Employers are struggling with a very thin talent market, and their recruiting efforts depend in large part on a handful of big players in charge of popular job boards.
Enter Google for Jobs, which established a job aggregator using the company's ubiquitous search algorithm and created a simple yet comprehensive way to find openings.
Recruiters are focused on making it into Google's top search results, and competing job boards are at various stages of cooperating with the newest market entry.
For recruiters, today's talent market feels like a tight squeeze. On one hand, the U.S. unemployment rate has recently dipped to lows not seen in nearly a half-century. That means more people are getting and keeping jobs, but it has also resulted in fiercer competition for truly skilled talent. Employers are struggling to fill thousands upon thousands of openings.
The challenge has left recruiters looking for ways to innovate on multiple fronts, both in the way they interact with candidates and in the way candidates interact with them. Yet one of the biggest innovations in recruiting in the past two years occurred within the context of one of its oldest components: the job board. And right in the middle of it all, a new market presence barged into a space few expected it to enter: Google, with its simplistically named Google for Jobs.
Hidden in plain sight
Simple is actually an apt term for Google for Jobs, a program with a user experience so like that of the company's ubiquitous search function. Indeed, the transition from Google Search feels a lot like the way you'd search for travel tips, MLB scores or new shoes.
Input "jobs near me," for example, and the user gets an immediate listing of three jobs. What employers may not know is that employers are vying to put their listings on this very short list, according Venkat Janapareddy, CEO of Jobiak, a firm that specializes in helping recruiters move higher up Google's results.
"What employers are trying to figure out is, how do I get to the first three?" Janapareddy told HR Dive in an interview. "Writing a good description and just posting won't do it."
Employers aren't posting directly to Google for Jobs, he said. Jobiak estimates that almost 80% of jobs appearing there come from sites like Indeed and LinkedIn, but posts from other third-party sites are fair game as are those on company career pages. The artificial intelligence systems deployed by Google take into account certain specs in order to rank job search results, namely: keywords in job descriptions, salary information and job title. Google also requires certain "metatags" on posts in order for them to be displayed, Janapareddy said.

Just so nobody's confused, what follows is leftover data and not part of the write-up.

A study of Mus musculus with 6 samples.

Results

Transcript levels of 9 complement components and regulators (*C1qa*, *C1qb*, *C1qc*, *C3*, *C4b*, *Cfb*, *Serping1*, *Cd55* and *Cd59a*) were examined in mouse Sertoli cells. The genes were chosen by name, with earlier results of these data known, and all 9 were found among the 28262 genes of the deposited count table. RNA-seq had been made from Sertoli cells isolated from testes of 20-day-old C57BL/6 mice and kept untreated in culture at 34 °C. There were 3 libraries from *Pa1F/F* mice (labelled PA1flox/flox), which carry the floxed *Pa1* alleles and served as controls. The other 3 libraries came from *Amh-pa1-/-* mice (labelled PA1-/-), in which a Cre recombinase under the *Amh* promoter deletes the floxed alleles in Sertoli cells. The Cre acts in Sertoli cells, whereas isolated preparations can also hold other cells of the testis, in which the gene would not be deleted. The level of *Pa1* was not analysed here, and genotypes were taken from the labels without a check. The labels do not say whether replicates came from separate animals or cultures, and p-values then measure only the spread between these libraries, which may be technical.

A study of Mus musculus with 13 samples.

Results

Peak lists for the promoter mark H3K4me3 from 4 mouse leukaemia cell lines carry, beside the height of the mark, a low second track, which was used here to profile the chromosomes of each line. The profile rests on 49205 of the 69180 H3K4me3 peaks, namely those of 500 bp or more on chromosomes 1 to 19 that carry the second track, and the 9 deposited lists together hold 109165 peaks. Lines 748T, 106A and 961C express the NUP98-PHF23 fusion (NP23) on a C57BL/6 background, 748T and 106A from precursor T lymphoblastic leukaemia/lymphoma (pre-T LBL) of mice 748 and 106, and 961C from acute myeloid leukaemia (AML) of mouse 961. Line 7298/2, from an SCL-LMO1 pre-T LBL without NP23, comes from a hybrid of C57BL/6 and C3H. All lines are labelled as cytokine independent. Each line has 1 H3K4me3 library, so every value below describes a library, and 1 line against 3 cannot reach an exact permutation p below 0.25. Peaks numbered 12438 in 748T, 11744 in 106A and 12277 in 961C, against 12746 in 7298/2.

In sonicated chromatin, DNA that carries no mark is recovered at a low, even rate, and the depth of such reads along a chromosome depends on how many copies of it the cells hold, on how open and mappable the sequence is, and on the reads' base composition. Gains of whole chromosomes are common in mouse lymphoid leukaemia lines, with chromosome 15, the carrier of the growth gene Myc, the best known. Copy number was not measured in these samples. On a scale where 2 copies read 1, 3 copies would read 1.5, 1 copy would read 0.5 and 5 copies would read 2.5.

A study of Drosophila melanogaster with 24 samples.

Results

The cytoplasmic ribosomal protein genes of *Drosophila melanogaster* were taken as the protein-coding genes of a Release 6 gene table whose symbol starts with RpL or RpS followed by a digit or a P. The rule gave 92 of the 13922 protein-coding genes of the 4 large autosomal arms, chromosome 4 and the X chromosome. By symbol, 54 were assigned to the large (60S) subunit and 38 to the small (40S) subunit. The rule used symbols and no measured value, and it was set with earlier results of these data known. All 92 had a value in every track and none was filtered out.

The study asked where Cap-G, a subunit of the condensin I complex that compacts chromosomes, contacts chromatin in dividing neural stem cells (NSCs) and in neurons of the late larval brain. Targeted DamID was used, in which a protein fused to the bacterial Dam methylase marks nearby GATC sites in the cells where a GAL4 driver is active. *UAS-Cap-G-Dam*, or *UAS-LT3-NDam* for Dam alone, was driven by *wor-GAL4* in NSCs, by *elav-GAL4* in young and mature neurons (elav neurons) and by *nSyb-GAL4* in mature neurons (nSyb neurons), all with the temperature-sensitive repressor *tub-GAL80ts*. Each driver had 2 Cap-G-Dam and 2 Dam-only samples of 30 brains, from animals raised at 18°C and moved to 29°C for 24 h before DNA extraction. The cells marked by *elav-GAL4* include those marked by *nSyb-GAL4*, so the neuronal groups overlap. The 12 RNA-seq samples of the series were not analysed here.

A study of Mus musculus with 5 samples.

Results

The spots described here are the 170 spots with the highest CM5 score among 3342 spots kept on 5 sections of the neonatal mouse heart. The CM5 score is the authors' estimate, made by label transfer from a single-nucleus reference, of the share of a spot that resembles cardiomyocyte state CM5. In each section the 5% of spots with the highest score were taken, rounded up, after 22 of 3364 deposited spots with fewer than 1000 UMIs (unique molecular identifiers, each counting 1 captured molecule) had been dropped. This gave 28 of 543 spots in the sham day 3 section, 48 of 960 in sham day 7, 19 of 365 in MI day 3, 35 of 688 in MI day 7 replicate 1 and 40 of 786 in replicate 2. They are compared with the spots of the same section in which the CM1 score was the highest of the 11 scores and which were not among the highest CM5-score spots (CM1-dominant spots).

Regardless of the method employers choose in order to appear on the platform, many are already seeing positive results from Google for Jobs, despite its English-exclusive availability and Google's own lack of advertising for the product. "Employers realize that they can get significant traffic," Janapareddy said, at times a 30% to 40% increase in the number of applications. "The quality of candidates they're getting is better than most job boards."
Part of the reason behind that may also be the candidate experience put together by Google. Janapareddy called its search filters one of its biggest strengths. Standard ones like location, title, date and distance appear, but candidates can get even more granular after selecting industry and/or employer. Jobs can be saved for later and candidates can also use the program to set alerts and even an hourly pay comparison to other local employers provided by third parties like PayScale. In short, everything's in one place.
The stage is set
Google's technical capabilities alone could set it further apart in the job board space, but it's going to be even more difficult for other job boards to keep up given how little there's left to consolidate. Google, in providing much of the features of competing boards do, is making a bet similar to the one made by Indeed when it launched.
A strong economy has translated to solid growth for the online job board industry, David Francis, research manager at Staffing Industry Analysts, told HR Dive in an interview. But the majority of that growth has only benefited its biggest players.
"The traditional pay-for-posting model has essentially become commoditized. A lot of the companies that have been playing in that space have been struggling pretty significantly," Francis said. "So even though the overall market is growing, it's primarily driven by LinkedIn and Recruit [and] some international job boards."
What's more, those same big firms are driving much of the acquisition in the space, buying up smaller yet increasingly essential fish, like Recruit's purchase of Glassdoor and Indeed's buyout of Interviewed.
"Indeed's kind of won because if you get all the candidates going to your website, then you essentially own that audience and if you have all the jobs they'll keep coming back to your website," Francis said. "Why would you need to go to any of these thousands of niche players if all the jobs that those people are posting are on their website anyway? It's made it more challenging for the incumbents."
It's the same case for Google. Combined with the rise of Facebook's job search feature, which caters to a more blue-collar audience, "job boards are taking a hit," Janapareddy said. Though Google has struck up partnerships with players like Monster, CareerBuilder, WayUp and Snagajob, Indeed has notably not joined the train.